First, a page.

Test name


Congenital Myasthenic Syndrome Panel

Purpose of the test


This is a clinical test intended for Help: Screening, Pre-symptomatic, Diagnosis, Mutation Confirmation, Monitoring, Risk Assessment




How to order


All samples should be shipped via overnight delivery at room temperature. No weekend or holiday deliveries. Label each specimen with the patient’s name, date of birth and date sample collected. Send specimens with complete requisition and consent form, otherwise, specimen processing may be delayed.
Order URL Help: http://dnatesting.uchicago.edu/submitting-sample

Specimen source

Buccal swab
Cord blood
Fetal blood
Peripheral (whole) blood
Cell culture


Molecular Genetics
DDeletion/duplication analysis
Next-Generation (NGS)/Massively parallel sequencing (MPS)
CSequence analysis of the entire coding region
Next-Generation (NGS)/Massively parallel sequencing (MPS)

Summary of what is tested


Clinical utility


Establish or confirm diagnosis

Clinical validity


Congenital myasthenic syndromes are inherited in an autosomal recessive, or, less frequently, autosomal dominant manner. In autosomal recessive CMS (AR-CMS), the parents of an affected child are obligate heterozygotes and therefore carry one mutant allele. Heterozygotes (carriers) are asymptomatic. At conception, each sib of an affected individual has a 25% chance of being affected, a 50% chance of being an asymptomatic carrier, and a 25% chance of being unaffected and not a carrier. In autosomal dominant CMS (AD-CMS), some individuals have an affected parent while others have a de novo mutation. The proportion of cases caused by de novo mutations is unknown. Each child of an individual with AD-CMS has a 50% chance of inheriting the mutation. Prenatal testing for pregnancies at increased risk is possible through laboratories offering either testing for the gene of interest or custom testing.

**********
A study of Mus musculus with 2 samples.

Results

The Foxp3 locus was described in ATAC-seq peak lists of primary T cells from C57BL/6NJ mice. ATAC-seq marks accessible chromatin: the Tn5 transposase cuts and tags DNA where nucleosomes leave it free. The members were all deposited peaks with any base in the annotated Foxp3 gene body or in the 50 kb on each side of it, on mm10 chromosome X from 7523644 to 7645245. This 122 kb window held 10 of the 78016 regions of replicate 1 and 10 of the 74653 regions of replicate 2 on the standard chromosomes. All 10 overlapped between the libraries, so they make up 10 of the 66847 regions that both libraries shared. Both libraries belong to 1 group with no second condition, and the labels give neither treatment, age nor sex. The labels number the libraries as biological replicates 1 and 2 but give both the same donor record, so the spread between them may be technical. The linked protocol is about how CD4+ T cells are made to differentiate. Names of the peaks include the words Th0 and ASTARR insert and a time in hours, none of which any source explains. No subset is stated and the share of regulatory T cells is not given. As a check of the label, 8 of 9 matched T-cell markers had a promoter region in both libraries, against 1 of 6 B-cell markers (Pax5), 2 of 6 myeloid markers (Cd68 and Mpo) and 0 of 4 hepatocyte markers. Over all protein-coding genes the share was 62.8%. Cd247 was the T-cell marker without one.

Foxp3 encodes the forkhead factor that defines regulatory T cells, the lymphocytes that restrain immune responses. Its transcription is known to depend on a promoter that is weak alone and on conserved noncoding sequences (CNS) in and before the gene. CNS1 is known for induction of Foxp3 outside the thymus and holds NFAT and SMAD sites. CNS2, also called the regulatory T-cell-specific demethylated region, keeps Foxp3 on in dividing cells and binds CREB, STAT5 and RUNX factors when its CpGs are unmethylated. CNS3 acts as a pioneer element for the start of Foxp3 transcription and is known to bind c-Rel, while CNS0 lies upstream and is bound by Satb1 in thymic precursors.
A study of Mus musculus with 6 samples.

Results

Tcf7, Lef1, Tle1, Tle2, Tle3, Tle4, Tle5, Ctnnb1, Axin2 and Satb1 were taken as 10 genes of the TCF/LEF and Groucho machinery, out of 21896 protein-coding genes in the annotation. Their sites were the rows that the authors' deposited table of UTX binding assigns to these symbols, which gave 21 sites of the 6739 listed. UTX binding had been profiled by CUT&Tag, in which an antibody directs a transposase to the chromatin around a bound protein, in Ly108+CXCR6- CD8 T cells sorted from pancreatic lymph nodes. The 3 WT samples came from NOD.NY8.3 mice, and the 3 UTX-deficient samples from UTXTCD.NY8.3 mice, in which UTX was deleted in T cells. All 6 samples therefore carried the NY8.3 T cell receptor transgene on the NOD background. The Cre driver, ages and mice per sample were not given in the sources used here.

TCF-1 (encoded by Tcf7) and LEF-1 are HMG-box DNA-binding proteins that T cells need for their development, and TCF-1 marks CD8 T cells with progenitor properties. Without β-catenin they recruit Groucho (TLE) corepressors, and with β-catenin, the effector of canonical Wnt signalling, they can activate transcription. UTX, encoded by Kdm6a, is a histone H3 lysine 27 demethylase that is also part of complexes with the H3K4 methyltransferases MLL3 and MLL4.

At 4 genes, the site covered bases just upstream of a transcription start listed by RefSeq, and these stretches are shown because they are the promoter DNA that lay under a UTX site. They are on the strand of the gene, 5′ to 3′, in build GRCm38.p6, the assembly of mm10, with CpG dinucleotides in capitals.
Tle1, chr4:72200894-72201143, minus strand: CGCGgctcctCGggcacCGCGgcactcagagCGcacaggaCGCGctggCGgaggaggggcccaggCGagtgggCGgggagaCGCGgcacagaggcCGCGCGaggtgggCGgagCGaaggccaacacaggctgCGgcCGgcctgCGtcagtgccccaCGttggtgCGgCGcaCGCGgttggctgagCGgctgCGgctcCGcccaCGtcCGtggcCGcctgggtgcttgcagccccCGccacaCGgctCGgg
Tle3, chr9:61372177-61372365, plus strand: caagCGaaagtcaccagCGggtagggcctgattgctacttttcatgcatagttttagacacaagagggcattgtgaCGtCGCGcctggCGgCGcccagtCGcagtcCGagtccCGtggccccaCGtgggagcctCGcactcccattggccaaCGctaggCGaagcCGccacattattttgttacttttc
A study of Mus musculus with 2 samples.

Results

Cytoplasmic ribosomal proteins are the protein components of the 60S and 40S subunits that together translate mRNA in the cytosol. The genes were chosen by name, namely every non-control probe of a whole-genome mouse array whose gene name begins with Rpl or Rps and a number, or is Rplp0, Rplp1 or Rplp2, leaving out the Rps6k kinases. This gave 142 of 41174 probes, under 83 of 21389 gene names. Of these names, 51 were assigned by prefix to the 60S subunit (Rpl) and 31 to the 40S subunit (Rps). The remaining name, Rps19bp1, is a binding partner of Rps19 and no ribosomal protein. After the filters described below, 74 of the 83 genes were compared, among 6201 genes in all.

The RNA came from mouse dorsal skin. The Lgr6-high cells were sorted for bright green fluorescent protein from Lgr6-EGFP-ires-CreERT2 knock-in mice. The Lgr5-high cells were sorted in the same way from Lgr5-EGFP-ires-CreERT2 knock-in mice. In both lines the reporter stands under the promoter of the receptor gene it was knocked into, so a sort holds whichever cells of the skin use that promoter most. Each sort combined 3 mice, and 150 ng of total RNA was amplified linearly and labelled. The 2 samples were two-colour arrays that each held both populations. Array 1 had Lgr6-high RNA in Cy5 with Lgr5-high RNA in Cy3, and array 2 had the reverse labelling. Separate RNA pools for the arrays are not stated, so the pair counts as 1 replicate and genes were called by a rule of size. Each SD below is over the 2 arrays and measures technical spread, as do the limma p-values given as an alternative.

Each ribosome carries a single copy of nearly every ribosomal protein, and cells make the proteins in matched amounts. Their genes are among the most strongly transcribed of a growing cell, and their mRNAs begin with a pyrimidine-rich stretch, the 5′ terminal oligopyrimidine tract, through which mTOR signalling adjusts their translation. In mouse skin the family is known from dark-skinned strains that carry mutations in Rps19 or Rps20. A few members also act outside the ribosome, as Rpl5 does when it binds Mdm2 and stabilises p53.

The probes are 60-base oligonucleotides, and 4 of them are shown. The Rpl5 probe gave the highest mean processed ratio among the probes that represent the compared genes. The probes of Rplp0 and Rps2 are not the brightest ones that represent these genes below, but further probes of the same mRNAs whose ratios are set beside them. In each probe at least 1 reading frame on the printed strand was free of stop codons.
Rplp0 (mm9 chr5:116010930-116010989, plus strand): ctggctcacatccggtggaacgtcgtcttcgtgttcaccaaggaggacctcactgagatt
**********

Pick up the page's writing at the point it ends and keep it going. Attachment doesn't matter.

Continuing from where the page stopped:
Test services

  • Confirmation of research findings
  • Clinical Testing/Confirmation of Mutations Identified Previously
  • Custom mutation-specific/Carrier testing
  • Custom Prenatal Testing

IMPORTANT NOTE: NIH does not independently verify information submitted to the GTR; it relies on submitters to provide information that is accurate and not misleading. NIH makes no endorsements of tests or laboratories listed in the GTR. GTR is not a substitute for medical advice. Patients and consumers with specific questions about a genetic test should contact a health care provider or a genetics professional.